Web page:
Back pain is a growing problem. About 80% of adults will experience back pain at some point in his or her life; 20% of these individuals will experience chronic back pain which is pain lasting 12 weeks or longer.
Many people blame our sedentary lifestyle for the rise in chronic back pain. While that does have something to do with it, it is not the only reason. James Steele Ph.D, an exercise physiologist from Southampton Solent University in the UK claims that after looking at several indigenous cultures who live very active lifestyles, back pain was just as prevalent as it is in the United States and other “sedentary” cultures.
Lets take a look at the basic physiology of the lumbar spine (lower back). The lumbar region consists of 5 of the largest vertebrae in the spine, separated by discs which act as cushioning to absorb shock during day to day actives. Between these discs are sensitive nerves which carry motor, sensory, and autonomic information between the brain and spinal cord.
There are also very important muscles in the lumbar region, namely, the multifidus muscle. The mutifidus muscles are divided into two groups; the deep multifidus muscles which help take pressure off of the vertebral discs so that our body weight can be well distributed along the spine, and the superficial muscles (closest to the surface of the body) keeps our spine straight.
Over a long period of poor nutrition and lack of muscle stimulation (exercise) these muscles begin to atrophy or shrink. When they become too small and weak to carry out the function of supporting the spine, the discs in the spine carry too much pressure. Over time, this will result in degenerated or slipped discs which press against the sensitive nerves we talked about and send powerful signals to the brain that something is wrong… PAIN.
So, if shrinking muscles are the problem due to lack of exercise (and diet which I will get into soon), it is apparent that we must make these important muscles grow stronger. This can be done with properly performed resistance training or weight training. It is a wide misconception that you need to “isolate” a muscle or a problem area to get it to improve. This is completely false. When you train the entire body, ALL of the muscles grow and strength as a response because they’re all attached. A basic 5-8 exercise resistance training program performed 2-3 times per week for just 30 minutes is all you need. This is what we practice at BioFit.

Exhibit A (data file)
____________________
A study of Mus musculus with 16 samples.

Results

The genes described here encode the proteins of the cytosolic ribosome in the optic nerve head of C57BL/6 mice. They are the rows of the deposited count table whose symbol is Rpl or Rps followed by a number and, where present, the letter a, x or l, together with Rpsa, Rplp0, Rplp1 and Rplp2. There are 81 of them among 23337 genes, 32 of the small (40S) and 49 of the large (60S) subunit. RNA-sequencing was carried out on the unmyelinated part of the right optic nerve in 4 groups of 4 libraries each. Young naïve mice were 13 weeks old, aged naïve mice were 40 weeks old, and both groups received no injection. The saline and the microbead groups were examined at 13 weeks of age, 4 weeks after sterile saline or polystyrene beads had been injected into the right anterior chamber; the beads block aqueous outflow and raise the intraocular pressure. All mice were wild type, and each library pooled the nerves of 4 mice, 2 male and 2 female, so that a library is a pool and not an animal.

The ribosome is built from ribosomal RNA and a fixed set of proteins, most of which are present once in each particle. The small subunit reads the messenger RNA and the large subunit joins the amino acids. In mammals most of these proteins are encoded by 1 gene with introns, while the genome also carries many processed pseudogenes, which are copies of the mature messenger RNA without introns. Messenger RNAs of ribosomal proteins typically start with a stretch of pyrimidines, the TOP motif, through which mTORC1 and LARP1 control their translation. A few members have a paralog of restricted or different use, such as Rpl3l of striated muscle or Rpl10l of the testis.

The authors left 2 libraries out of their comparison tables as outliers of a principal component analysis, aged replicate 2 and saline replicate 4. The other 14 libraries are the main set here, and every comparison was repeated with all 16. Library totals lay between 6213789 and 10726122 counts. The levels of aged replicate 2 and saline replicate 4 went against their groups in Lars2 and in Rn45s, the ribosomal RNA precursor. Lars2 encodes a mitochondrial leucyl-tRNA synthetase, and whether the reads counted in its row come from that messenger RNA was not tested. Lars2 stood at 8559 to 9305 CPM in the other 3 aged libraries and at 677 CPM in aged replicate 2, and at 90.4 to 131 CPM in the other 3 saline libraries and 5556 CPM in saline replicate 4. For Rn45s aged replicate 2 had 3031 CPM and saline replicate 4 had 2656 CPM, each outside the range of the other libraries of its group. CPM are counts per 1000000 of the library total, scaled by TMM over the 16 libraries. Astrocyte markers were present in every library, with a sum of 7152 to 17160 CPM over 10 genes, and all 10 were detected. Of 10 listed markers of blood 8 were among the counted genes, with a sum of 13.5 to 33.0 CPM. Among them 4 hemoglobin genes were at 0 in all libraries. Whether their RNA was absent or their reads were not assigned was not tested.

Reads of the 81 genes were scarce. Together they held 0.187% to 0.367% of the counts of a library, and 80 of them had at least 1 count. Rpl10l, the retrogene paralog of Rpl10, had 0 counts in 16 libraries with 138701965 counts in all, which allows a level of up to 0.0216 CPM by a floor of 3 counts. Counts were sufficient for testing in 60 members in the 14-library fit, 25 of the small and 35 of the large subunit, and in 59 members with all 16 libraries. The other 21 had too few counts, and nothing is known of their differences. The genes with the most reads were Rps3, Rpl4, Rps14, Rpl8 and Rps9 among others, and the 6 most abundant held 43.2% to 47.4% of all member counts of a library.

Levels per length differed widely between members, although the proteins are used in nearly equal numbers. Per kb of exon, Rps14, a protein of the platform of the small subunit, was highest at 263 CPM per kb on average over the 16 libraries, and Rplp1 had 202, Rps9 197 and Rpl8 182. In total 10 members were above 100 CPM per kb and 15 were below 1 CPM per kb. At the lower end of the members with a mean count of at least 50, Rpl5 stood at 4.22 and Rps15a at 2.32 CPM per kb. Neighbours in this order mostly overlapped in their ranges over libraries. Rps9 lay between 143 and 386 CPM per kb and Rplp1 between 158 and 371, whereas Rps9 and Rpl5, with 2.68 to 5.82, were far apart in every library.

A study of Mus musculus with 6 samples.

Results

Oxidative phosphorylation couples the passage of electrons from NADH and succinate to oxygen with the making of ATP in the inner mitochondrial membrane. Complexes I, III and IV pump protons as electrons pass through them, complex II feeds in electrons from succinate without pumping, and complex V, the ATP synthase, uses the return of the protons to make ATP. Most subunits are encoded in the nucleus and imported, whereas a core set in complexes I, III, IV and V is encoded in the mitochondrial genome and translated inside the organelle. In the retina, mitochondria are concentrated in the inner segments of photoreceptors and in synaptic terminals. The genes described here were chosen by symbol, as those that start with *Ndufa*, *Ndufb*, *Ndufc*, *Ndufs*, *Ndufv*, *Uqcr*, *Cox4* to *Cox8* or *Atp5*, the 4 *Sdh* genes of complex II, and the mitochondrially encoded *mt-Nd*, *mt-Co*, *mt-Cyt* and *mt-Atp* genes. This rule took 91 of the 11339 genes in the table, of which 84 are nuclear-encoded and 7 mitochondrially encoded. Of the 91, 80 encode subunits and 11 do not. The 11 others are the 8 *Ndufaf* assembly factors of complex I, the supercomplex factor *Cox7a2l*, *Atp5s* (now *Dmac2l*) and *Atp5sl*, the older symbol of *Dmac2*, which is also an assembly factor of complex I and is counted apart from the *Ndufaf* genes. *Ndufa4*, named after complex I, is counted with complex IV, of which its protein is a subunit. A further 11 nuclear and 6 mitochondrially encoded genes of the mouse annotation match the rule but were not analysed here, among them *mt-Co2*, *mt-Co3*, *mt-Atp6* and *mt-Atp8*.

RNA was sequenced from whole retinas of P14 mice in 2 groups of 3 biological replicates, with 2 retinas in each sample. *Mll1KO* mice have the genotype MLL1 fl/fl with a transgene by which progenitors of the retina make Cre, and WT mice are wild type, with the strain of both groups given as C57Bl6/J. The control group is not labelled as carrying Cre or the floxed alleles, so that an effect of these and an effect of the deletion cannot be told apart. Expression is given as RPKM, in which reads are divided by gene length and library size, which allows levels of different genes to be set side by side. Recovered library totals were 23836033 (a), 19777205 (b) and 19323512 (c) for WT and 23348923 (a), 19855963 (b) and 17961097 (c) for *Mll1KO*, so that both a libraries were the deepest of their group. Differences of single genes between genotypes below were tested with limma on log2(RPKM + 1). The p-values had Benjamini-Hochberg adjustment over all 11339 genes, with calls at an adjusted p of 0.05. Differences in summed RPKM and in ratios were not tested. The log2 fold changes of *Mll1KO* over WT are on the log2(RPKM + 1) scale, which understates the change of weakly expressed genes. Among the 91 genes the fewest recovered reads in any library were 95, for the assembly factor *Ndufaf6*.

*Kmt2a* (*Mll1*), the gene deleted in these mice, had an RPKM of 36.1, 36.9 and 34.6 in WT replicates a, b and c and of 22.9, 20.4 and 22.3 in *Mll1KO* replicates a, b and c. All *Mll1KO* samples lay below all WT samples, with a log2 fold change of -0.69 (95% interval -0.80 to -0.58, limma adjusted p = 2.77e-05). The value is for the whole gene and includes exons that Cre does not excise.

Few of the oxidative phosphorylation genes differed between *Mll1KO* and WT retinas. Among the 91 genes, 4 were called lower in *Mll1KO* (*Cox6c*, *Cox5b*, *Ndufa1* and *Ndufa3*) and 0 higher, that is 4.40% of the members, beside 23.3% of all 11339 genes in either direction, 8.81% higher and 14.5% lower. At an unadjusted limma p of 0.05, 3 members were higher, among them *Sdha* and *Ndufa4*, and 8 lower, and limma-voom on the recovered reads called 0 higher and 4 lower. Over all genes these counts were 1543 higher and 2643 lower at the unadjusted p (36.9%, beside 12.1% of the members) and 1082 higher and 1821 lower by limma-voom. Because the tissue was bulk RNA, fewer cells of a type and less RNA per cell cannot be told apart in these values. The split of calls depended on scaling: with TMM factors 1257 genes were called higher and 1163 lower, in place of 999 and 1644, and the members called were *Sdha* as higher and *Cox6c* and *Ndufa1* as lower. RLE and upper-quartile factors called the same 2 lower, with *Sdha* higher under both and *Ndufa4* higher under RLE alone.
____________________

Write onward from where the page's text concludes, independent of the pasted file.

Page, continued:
Okay so we need to exercise. We all know that. BUT, not so fast! You’re not off the hook just yet. Many of us eat like crap and that contributes heavily to muscle atrophy and here’s why.
The western diet consists of a high amount of grains and refined carbohydrates. Pretty much because its cheap and the food industry can make a bunch of money off of us, but thats a conversation for another time. Anyway, refined carbohydrates cause a rapid rise in blood sugar when we eat them since they diffuse right into the blood stream with little effort. This causes our pancreas to secret a huge amount of insulin. Insulin basically transports the glucose from the carbs into muscle or into fat, depending on the demands of the body. In layman’s terms, if you don’t exercise or place a demand on your muscles, the body will start sending most of what you eat to fat tissue since it sees your muscle tissue as sort of a waste of energy. When this happens, the muscles receive less energy though food and begin to atrophy or shrink. All of your muscles shrink, including the sacred multifidus muscle which aligns the spine and takes the pressure off of the discs in your back. Enter chronic back pain.
Lets reverse this rise in prevalent back pain by making a FEW lifestyle changes. Practice a slow motion, high intensity resistance training regimen for just 30 minutes twice a week to rebuild those shrinking muscles. Combine this with a diet high in protein, fats, and vegetables and AVOID the grans and refined carbs. Over a relatively short period of time, your body will adapt, become stronger, and the back pain will be relieved forever if you continue to exercise and diet properly. Keep in mind, this is a life change. Not something you do for 6 months and feel it is safe to go back to your old bad habits. Think of it like brushing your teeth; we don’t necessarily like to do it but we do it because we know its good for us!